COLD WAR MEDAL
Forum thread for campaign COLD WAR MEDAL
i don,t think we scared the Russians much but we did not realize we were on the front line
although they said we might last twenty minutes if the balloon went up
as it was we had quite a few casualties that never went home We deserve a medal
When this kicked off, at Tofrek military base, home to the 2nd regiment RHA and 157 Locating Battery outside Hildesheim, the whole garrison were assembled on the airfield and the Lt. Colonel CO of the 2RHA gave us a pep talk.
If the shiite hit the fan and hostilities kicked off between NATO and our Russian friends, we would relocate from where we were, and head for the Rhine, where a new defensive line would be established.
We were to return to our barracks, pack up all equipment, load it on our transport, and be ready to move at a moments notice.
If I remember correctly, we only kept minimum gear at hand, eating irons, bedding, and toiletries, we were on one hours notice for about ten days.
I think the Suez crisis exacerbated the problem, all recently demobbed regulars were recalled to their units, in fact I was demobbed before the regulars recalled to my unit.
I have always suspected that the threat of the Americans having a cannon capable of firing nuclear shells based somewhere in Germany kept Ivan at bay.
We heard many rumours regarding this wonder weapon, and in the 50s when on manoeuvres there were always Russian personnel driving around observing all the allied forces.
Personally, I think the yanks were shooting the shitzer.
We actually went on one manoeuver in 1955 and were billeted in one of the villages, barns, outbuilding, etc in the vicinity of the dams, and as we moved in, the inhabitants moved out, I wonder why?
"Atomic Annie", there is quite a fair amount of info, also video of troops preparing it for action.
There were four of these monsters swanning around West Germany in the 50s, but considering the size (weight) of the two bombs dropped on Japan, I am still skeptical as to the practicability of reducing the size down to an 11inch artillery shell at that time.
I still think all the hype was to keep the Russians at bay,
One other thing comes to mind, being at HQRA we were able to have sight of what the Russians had in respect of manpower, armour, and heavy artillery, and it was quite scary.
Also on maneuvers which involved all NATO forces, the expected loss of troops due to fatal accidents was often 5%, with other numbers getting injured higher.
We very rarely saw, in British Newspaper reports the number of injuries or deaths to British troops in BAOR 1954/56.
There were many instances we, as a unit became aware of.
Working where I did I saw all the Orders published for the Canal Zone but which were restricted to certain people allowed to see them. There were no medals issued to anyone until I think about 1953 - 1956 yet we were subjected to drive-by shootings, anyone straying outside the zone was hardly ever seen again until their bodies were discovered floating in the Sweet Water Canal and usually tortured. It was hazardous to walk alongside the Canal Road for fear that some lorry driver would swerve across and flatten you. We went out but never alone at night - always in twos or threes but never had any recognition or acknowledgement of what we went through in tatty old tents, crap food and regular soldiers who treated us with contempt.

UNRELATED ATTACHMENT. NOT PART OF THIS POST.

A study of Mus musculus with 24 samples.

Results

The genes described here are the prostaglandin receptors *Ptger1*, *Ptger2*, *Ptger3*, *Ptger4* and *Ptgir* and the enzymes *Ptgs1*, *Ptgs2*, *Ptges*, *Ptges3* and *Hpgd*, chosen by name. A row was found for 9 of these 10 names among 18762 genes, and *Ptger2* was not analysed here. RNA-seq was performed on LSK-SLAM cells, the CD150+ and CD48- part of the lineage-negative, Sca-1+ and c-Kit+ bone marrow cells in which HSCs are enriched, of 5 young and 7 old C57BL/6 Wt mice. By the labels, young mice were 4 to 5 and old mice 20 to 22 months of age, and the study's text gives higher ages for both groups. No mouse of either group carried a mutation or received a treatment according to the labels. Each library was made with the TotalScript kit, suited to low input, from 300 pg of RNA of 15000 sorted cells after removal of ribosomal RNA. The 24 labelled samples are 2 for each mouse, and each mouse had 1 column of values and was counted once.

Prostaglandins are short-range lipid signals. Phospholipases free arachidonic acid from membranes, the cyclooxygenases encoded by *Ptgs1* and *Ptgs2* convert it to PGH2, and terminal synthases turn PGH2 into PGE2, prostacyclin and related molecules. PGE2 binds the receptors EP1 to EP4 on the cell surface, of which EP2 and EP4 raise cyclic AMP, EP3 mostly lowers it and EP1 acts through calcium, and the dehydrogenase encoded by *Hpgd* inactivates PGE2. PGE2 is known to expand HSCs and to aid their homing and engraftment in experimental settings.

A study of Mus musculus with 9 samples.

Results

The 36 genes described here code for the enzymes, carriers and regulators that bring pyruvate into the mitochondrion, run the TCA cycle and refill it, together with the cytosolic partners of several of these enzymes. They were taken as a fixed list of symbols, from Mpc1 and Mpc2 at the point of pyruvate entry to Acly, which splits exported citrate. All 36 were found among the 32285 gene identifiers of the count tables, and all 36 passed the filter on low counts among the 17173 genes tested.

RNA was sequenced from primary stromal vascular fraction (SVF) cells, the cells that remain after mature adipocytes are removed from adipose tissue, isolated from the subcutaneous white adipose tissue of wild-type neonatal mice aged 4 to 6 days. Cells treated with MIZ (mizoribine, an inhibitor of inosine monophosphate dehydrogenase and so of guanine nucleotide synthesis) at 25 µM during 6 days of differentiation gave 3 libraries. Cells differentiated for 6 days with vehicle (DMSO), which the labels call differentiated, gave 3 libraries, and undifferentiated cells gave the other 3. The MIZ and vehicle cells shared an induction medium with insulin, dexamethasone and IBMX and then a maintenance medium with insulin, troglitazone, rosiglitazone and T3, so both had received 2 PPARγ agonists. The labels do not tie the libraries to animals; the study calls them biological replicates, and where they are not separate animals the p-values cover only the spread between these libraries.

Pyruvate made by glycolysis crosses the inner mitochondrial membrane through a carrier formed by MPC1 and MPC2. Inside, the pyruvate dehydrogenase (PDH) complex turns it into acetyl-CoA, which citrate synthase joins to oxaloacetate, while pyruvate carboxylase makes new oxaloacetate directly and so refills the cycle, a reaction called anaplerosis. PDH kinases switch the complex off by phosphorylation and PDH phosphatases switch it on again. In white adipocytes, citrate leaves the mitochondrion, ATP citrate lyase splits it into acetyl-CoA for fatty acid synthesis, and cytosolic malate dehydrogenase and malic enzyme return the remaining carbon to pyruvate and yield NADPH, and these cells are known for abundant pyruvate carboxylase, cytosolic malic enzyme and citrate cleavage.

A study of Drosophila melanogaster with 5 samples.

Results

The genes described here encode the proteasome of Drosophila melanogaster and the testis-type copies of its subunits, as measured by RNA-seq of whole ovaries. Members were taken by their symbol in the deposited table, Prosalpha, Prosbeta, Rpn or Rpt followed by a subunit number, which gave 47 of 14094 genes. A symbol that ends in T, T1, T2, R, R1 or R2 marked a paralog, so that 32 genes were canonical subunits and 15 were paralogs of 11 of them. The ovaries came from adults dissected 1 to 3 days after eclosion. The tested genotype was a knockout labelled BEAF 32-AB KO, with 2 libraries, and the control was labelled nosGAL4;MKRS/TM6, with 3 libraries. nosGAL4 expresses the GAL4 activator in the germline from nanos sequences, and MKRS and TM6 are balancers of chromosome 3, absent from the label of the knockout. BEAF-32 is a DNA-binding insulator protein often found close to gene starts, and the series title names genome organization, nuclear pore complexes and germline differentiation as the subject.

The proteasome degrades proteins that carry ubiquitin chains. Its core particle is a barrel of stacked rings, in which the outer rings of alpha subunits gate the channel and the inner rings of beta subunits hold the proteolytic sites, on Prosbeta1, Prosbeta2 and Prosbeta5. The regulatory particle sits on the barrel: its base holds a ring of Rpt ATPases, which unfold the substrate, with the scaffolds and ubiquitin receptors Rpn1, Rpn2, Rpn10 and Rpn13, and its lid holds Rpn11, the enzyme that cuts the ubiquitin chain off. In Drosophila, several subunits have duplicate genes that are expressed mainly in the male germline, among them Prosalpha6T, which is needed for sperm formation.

We moved to Libya which was better in that we had ex Italian army barracks, better food but there were still isolated incidents from time to time although generally it was preferable to Egypt - at least there was plenty of grass and trees where we were stationed instead of just bloody sand.
The statistics for Egypt were an average of one man killed per week plus upwards of forty woundings from 1947 onwards. The number of families who were advised that ....'your son has met with an unfortunate accident in training when he fell beneath the wheels of a heavy truck/tank tracks/armoured car/a grenade went off/ and so on were so numerous that it beggars belief. Imagine the outcry if that were to happen today!
The Sheikh of Kuwait it was rumoured mentioned medals to the British Government but was turned down.
I also was involved in the Cuban crisis based at Gaydon as a air electrician i worked in the armoury on nuclear bomb gear and carried out all the tests prior to loading did'nt actually know anything till it was all over, my presence was requested yes i mean requested on at Sunday lunch time to go into work by a Flight Lieutenant who then assisted me in doing my tests, did'nt get home till 01.30 Tuesday morning. Have to admit the old ticker missed a few beats when i found out.